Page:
As valuers of property all over the United Kingdom, our experience in the last 12 – 24 months is that reconstruction costs within Prime Central London, as defined by the postcodes below, far exceeds any published data.
This paper is intended to alert underwriters, brokers, managing agents and property owners to possible underinsurance that will be sitting within these locations.
The current position
The increase in market values in PCL is widely acknowledged with comments being used such as ‘the market’s gone crazy’, ‘prices are rocketing etc.’. There has been a lot of comment in the press with regard to the purchase of property within PCL being seen as a safe haven for foreign investors during the last few years. All brokers/ underwriters will recognise owners of property and homes in these locations fitting that profile.
Knight Frank has been tracking this since 1976 and although the trend in 2013 has been slower than some previous years, growth over the last 3 years has far outstripped that in other parts of the country.
Although it still remains the case that there is no correlation between market value and rebuild costs/the building sum insured, it stands to reason that a contractor working in a home that has just cost £15,000,000 to purchase – or indeed £1,000,000 – is not going to charge £50 to fix a dripping tap.
The cost of employing reputable contractors in these locations has increased. The market values have increased far beyond any indexing applied to an insurance policy and, while again we would not want to make any firm correlation between market and insurance value, one does need to dig a bit deeper as to what is going on on the ground.
The profile of the client has to be considered. The process required to create a perfect and flawless finish and the expected ‘scope creep’ of a design scheme, does take longer to achieve and inevitably contractors price this into their fees.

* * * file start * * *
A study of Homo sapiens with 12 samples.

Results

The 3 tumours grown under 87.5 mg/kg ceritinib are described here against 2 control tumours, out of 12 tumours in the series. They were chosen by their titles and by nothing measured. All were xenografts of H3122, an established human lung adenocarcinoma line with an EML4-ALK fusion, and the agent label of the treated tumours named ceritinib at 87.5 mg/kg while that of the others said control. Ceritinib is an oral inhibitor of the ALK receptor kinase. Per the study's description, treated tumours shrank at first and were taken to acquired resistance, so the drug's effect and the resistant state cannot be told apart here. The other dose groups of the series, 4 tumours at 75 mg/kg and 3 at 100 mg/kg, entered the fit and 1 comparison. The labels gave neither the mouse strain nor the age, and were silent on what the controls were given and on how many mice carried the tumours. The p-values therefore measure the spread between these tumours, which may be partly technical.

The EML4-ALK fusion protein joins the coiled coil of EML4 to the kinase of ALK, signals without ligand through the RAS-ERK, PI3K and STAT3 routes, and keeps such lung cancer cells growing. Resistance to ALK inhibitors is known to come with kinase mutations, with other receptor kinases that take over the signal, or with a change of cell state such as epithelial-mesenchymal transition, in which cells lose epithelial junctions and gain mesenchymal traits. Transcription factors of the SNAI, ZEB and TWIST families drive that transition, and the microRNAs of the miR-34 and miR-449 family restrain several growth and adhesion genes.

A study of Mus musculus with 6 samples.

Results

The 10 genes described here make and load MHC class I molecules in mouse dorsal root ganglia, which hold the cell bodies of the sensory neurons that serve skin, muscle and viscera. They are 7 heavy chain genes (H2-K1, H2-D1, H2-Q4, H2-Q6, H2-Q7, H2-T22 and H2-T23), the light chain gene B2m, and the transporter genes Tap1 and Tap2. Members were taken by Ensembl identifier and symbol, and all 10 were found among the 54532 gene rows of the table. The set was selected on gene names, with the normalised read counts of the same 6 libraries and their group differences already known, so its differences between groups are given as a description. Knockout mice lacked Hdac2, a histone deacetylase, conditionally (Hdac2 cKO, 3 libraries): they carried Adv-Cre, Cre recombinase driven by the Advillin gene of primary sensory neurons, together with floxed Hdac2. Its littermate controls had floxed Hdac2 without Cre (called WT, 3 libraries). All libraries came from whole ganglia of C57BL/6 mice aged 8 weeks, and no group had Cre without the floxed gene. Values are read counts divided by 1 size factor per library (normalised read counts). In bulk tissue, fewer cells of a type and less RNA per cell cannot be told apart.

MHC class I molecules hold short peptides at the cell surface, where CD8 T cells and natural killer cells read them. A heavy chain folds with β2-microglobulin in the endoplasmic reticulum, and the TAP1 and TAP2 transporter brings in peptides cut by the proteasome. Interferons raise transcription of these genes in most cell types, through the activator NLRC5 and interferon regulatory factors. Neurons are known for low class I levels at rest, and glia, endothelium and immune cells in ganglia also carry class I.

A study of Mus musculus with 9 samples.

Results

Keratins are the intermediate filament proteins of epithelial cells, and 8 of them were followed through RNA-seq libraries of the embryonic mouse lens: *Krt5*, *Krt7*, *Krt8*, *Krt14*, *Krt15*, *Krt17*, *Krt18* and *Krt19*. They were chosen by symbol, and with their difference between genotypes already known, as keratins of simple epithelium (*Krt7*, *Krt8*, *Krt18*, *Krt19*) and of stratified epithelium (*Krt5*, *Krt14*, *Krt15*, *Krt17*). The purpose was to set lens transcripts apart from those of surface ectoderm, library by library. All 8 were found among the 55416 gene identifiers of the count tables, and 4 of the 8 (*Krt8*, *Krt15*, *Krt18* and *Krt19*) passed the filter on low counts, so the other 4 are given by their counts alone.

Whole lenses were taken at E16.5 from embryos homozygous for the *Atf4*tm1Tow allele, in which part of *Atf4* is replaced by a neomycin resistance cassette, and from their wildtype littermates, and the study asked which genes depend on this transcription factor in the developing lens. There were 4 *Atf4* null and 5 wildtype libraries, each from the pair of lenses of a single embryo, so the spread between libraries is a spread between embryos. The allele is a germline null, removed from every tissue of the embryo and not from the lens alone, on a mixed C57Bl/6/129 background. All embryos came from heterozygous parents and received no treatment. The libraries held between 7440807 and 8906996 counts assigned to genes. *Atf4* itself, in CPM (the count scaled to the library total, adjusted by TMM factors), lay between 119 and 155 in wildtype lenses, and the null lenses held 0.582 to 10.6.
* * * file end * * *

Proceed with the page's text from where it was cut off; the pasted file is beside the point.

Scope creep and technology in buildings.
The technology found in such buildings is also increasing. It is not uncommon for a quarter of the sum insured to be taken up by lighting, heating, air conditioning, audio/visual installations etc. It is worth noting that in a standard office building, the inclusion of full air-conditioning (a must have in some quarters now) can add 20% to the rebuild cost.
We have assessed flats where clients have paid £8,000 per m² of floor area just for the internal fit out. There are also cases where a simple refurbishment of a PCL townhouse in a very sedate – one may even say ‘ordinary’ HNW scheme – has cost £7,000 per m². Internal fit outs of some commercial spaces – again with a fairly calm, simple scheme – have come in at £11,000 per m².
One BCH client reports spending £5,000,000 on a reception hall/ lobby scheme. Anecdotally there seems to be an element of “keeping up with the Joneses” with clients wanting to outspend their competitors or neighbours.
Carrying out a rebuild in a very tight/compact location and managing a project around restricted working practices and hours enforced by local authorities and planning bodies, also have a severe impact on the amount charged and the length projects take to complete. While some of the above may seem not to be relevant to insurance, there is an assumption that insurers have deep pockets and that claims are simply ‘expensive’ and the cost of the unexpected seems to have become the norm.
Re-valuation of buildings – the most prudent response.
Attention is drawn to the need to re-assess the base sum insured on a regular basis. Good practice advises that this is dealt with by way of a desktop update on an annual basis, with a full re-assessment undertaken in every third year. A full assessment also needs to be prepared in the event of substantial alterations being undertaken to the property.
Royal Institute of Chartered Surveyors
The above is the official guidance given on this matter by the RICS. However, very very few organisations carry out an annual review or even a three year review. Most owners and organisations leave it for at least five years. It is our opinion that for properties in PCL, the desktop update for those assessed during 2012 and those assessed on the basis of a site visit during 2010 or before should now be marked as an URGENT PRIORITY.
Taking all this into consideration, BCH has revisited its view on costs within the PCL postcodes and is now adding significant contingency to reflect the increased costs compared to other parts of the UK. We would urge that desktop updates or full revisits be requested (depending on the date of the original assessment) to take into account what we see as a key market shift. This is essential to protect not only policyholders but also insurers; especially those offering any type of guaranteed rebuild cost where effectively the sum insured is unlimited.
Prime Central London postcodes include:
W1, W8, NW1, NW8, SW1, SW3, SW5 and SW7.
Also parts of WC1, EC1, EC2, EC3, EC4, E1, SE1, NW5, N1, SW6, W11, W14 and W6.